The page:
In Defense of The Fifth Estate’s Dumbest Scene

Anshuman Iddamsetty is Hazlitt’s art director and audio/visual producer. Before that he...


The Fifth Estate depicts WikiLeaks not as a series of nondescript files sitting in a server somewhere, but as a physical place in some Cyber Realm. An impossible sea of desks stretching out to infinity in every direction at once—that is the metaphor Condon uses to explain a website in 2013, and one that Benedict Cumberbatch’s Julian Assange and his of band of merry white-hats routinely inhabit because Internet.

In an early scene a legion of Cyber Assanges are shown at each of those Cyber Desks, hacking, presumably, the planet. It’s dire. But I get Condon’s dilemma, even if it’s unclear whether he understands ours; progress bars and encryption are not particularly exciting, but they’re real. Thrilling cinema and honest depictions of technology are eternally insoluble: how do you make file transfers and peer hosting, the banal and immaterial and for many the utterly alien, riveting?

As Nathan Shedroff and Christopher Noessel note in Make It So: Interactive Design Lessons from Science Fiction, you falsify operating systems that bleat with every button press; stage full screen notifications that scream DELETED and SYSTEM OF A DOWN; inexplicably streak cyan text across your actors because this is WikiLeaks dot org and things are about to get fucking Cyber.

In other words, you rely on metaphor. Condon’s metaphor is undeniably corny, but it’s also what The Fifth Estate gets absolutely right about the Internet.

We have a spatial relationship with data. Files, folders, clouds—to use a computer for any length of time is to negotiate a geographic relationship with its contents and interface.This negotiation begins along the x and y-axes as lists, grids, and, with the innovation of the folder and then the hyperlink, comes the z-axis—depth. Torrents here, gifs over there, and questionable materials receding into a dark thicket of subfolders like Matryoshka dolls of shame.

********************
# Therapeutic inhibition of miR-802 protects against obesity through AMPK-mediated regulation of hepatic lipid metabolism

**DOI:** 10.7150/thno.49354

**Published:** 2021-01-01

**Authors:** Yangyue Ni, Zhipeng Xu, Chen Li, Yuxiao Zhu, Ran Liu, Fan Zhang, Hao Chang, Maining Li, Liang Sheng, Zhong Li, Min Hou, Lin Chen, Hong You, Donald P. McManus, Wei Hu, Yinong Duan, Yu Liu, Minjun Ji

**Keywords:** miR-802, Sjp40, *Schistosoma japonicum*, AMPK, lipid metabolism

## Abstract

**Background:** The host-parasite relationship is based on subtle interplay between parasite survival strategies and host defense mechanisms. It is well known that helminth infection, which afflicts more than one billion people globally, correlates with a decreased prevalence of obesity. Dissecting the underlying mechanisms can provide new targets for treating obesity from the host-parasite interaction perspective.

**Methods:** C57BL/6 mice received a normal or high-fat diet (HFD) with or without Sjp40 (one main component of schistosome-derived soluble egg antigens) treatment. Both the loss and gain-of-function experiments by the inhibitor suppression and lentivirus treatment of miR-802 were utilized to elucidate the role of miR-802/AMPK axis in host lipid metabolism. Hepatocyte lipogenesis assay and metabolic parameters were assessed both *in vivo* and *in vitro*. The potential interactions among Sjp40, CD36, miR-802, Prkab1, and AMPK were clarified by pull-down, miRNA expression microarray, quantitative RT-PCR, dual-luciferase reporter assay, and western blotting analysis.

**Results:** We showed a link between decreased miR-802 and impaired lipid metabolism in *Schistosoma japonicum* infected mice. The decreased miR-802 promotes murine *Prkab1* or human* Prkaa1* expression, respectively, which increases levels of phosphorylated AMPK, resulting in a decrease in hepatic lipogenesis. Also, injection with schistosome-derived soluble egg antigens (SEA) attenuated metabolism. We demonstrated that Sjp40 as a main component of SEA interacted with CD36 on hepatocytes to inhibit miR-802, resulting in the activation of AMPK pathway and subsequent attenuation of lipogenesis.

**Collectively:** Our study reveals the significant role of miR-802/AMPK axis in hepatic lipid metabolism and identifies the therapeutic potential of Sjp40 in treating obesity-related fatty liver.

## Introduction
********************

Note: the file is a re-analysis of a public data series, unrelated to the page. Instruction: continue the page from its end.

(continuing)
Like an orchard, we cultivate some aspects of it and weed out others.

Dimensionality is inevitable, but it has its limits. One doesn’t pass the hall of Tumblr ephemera before turning left towards the masturbatorium, no, but an architecture, of a type, exists. We navigate across windows and browse albums. Last night I was lost in a Wikipedia rabbit hole, came up for air around 2 a.m. Our entire digital experience is one of constant metaphor. And those metaphors have allowed us, as animals of narrative and pattern, to give data form; progress bars, agency.

In the final act of The Fifth Estate, an act of sabotage seemingly erases all of WikiLeaks. The fallout is rendered apocalyptic. The Cyber Desks are replaced with smoking craters. Flecks of ash rain down Cumberbatch’s cheekbones. The scene is at once beautiful and silly—this is, after all, just a web site. But what if it were a person’s life work?

What Condon’s metaphor does is illuminate how our sense of ownership of technology is fluid; subject to who is looking at it at any moment. To an engineer, a piece of code could represent countless months of work and compromise, a crowning achievement. When it faces the average user, the same code could be the promise of an iPad, if only that damn monkey could hold still.

Who and where technology faces is critical to understanding how we give ourselves to the web and what it demands in return. In The Fifth Estate, WikiLeaks is as much an advertisement of Assange’s genius as it is a devourer of secrets.

So to dismiss Condon’s metaphor as backward, contemptuous, or worse, unnecessary, ignores the audacity of presenting the web of Amazon and Weird Tricks as a space to hook our hopes and dreams and legacies, and whether or not those utopic visions are ours in the first place. Asking what such a metaphor can do for our understanding of the web and its surrounding technologies is far more interesting than debating whether Condon and his VFX team understood content management systems; there may well be a time when an impossible horizon of desks greets us every morning.

“Metaphors are important because they help us grapple with difficult ideas,” Daniel Joseph, a PhD Researcher at Ryerson and York University’s Communication and Culture program, wrote over Gchat, “they allow us to access that which is impenetrable.” A Cyber Realm where an army of hackers can obfuscate and scheme and unearth the terrible is an imperfect metaphor. Perhaps WikiLeaks is more of a graveyard, a mausoleum—those scenes had a terrible stillness to them, and if you’re a merchant of political secrets your currency, its inherent value, is the death toll contained within. I didn’t need an abstracted world to understand those stakes, but I’m not Assange, and WikiLeaks is not my orchard.